Last week I produced a video of me writing an IELTS essay live, and I got lots of great feedback and some negative emails. I love receiving positive or negative emails because it lets me know exactly what you guys think and what I can do to help you even more.
The strange thing was that nearly all the negativity was about personal pronouns. To summarise, many of you thought I used them too much and that this was not acceptable in a Task 2 essay. I was always of the opinion that it was fine to use personal pronouns, but this made me doubt myself, so I did some research.
I first chatted with some ex-examiners and consulted some of the IELTS blogs I respect, like DC IELTS and IELTS Ryan. Below is what everyone, including myself, thought about the issue.
What are personal pronouns?
Personal pronouns are words like ‘I’, ‘we’, ‘you’ and ‘they’. Some people think that they should never be used in IELTS essays because they will make the essay sound too informal and not academic enough.
I believe that…. (informal)
This essay believes that…. (formal/academic)
If you eat too much junk food, you will get fat. (informal)
If a person eats too much junk food, that person will get fat. (formal/academic)
What does the marking criteria say?
If you are ever in doubt about anything to do with IELTS Writing, always check what the official marking criteria say first.
What does it say about personal pronouns? Nothing. What does it say about being informal or formal for Task 2? Nothing.
What do the questions say?
If you look at some of the official questions from Cambridge Examination Papers they would also seem to encourage you to use personal pronouns.
They use language like:
‘Discuss both these views and give your own opinion.’
‘Give reasons for your answer and include any relevant examples from your own knowledge or experience.’
‘To what extent do you agree or disagree.’
It would be very difficult to answer the question above without using personal pronouns, and I don’t think that Cambridge is trying to play tricks on us.
What do examiners say?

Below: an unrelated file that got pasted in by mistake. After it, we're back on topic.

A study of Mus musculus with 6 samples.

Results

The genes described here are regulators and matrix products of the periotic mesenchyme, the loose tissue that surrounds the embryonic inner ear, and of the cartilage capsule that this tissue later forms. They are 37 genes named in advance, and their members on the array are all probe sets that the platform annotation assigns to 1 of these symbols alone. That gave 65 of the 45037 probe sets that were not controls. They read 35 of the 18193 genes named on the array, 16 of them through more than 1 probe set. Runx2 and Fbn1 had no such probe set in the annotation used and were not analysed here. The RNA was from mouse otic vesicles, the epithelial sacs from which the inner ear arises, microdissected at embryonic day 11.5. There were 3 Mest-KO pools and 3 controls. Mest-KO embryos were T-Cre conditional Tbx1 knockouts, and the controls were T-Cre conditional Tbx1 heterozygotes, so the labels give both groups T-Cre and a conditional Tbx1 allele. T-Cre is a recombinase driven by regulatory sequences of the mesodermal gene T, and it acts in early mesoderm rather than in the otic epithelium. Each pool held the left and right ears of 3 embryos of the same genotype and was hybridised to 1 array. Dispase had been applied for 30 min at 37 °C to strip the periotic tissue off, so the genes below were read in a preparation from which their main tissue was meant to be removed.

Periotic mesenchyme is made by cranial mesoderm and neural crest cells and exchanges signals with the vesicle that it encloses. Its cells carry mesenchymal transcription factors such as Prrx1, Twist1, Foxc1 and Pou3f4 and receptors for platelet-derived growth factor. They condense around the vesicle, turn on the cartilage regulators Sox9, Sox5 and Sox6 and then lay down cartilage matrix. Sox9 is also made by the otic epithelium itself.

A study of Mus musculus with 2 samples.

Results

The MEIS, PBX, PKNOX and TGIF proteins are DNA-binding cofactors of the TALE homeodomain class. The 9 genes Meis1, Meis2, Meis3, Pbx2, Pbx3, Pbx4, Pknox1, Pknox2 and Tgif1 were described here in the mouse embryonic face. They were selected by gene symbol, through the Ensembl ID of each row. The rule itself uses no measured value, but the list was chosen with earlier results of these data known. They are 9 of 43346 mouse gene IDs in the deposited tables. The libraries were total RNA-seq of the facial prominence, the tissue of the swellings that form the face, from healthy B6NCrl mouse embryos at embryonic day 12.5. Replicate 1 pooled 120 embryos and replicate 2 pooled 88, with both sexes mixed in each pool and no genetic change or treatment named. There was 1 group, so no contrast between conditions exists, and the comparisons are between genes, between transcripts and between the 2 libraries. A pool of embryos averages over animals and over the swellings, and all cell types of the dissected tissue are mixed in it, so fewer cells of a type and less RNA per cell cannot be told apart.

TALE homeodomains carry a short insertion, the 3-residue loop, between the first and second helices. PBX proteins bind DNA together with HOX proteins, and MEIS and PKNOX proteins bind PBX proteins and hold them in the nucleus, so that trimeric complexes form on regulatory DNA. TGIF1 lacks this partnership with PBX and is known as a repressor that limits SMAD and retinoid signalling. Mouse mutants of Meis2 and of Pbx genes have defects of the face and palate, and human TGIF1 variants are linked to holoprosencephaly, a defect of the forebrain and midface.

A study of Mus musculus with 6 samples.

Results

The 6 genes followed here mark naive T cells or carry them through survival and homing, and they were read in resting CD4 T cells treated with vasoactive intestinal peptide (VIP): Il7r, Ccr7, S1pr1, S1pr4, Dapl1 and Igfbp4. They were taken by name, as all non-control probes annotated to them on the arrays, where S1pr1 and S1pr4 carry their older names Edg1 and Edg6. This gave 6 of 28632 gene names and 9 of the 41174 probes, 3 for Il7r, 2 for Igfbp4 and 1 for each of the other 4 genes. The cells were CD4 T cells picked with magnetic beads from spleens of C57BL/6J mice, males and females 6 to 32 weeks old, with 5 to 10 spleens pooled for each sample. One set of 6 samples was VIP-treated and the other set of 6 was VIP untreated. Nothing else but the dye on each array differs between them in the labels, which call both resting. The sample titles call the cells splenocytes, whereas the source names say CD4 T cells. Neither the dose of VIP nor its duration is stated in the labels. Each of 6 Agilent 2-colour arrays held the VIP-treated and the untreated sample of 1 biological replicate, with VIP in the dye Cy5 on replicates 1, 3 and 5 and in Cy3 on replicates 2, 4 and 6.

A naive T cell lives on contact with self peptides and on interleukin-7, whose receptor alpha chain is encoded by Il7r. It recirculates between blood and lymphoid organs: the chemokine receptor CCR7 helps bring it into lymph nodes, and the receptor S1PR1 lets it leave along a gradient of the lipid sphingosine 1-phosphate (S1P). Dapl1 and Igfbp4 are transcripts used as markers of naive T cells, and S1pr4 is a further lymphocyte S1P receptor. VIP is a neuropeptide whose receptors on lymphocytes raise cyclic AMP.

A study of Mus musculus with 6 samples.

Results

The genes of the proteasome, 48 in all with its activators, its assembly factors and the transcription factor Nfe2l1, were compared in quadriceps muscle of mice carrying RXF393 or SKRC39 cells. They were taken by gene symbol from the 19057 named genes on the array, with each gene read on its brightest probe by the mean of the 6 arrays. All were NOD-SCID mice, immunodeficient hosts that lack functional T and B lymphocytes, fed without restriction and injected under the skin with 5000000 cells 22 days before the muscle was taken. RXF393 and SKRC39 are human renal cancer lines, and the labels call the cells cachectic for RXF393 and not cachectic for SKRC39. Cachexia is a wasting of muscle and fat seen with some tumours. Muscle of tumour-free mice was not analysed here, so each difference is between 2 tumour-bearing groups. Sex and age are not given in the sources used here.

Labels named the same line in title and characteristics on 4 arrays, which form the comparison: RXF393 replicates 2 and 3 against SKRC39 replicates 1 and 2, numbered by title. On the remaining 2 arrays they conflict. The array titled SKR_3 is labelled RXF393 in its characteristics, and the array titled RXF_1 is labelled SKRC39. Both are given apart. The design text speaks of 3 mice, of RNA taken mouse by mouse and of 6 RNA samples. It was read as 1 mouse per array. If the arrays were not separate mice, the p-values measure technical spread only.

The ex-examiners I have spoken to all say the same thing. It is fine to use them, but don’t overuse them.
When can we actually use them?
It is absolutely fine to use personal pronouns when giving opinions and when giving examples. Just don’t use them throughout the whole essay, i.e. in every sentence.
Also, if you don’t want to use them and prefer to use very academic language, then that is fine too.
In the past, I have advised students to use academic ways to give examples and opinions, but this is only because I was afraid they would overuse personal pronouns throughout the essay.
It should also be noted that you have many things to be worrying about when writing your essay, so adding in the worry of counting how many personal pronouns you are using should not be encouraged. Relax.
It is acceptable to use them when giving your opinion or examples if you like, but don’t overuse them in the rest of the essay. However, it is not in the marking scheme, so do not make it a major concern. The things specifically listed in the marking criteria are the things you need to focus on.
2 + 2 =
Some of the emails I got were quite irate, and some were from IELTS teachers who said I was misleading students by including personal pronouns in my essay.
What I would say to that is IELTS Writing is not mathematics. If I had said that 2 + 2 = 5, then I could understand their anger, but writing is a fluid discipline, and many different answers and methods can result in a high score.
I also do not publish anything unless it has been approved by at least one of many ex-examiners I know.
I hope you found this useful and that it cleared up some of the issues. Please let me know what you think by commenting below or joining the conversation on Facebook.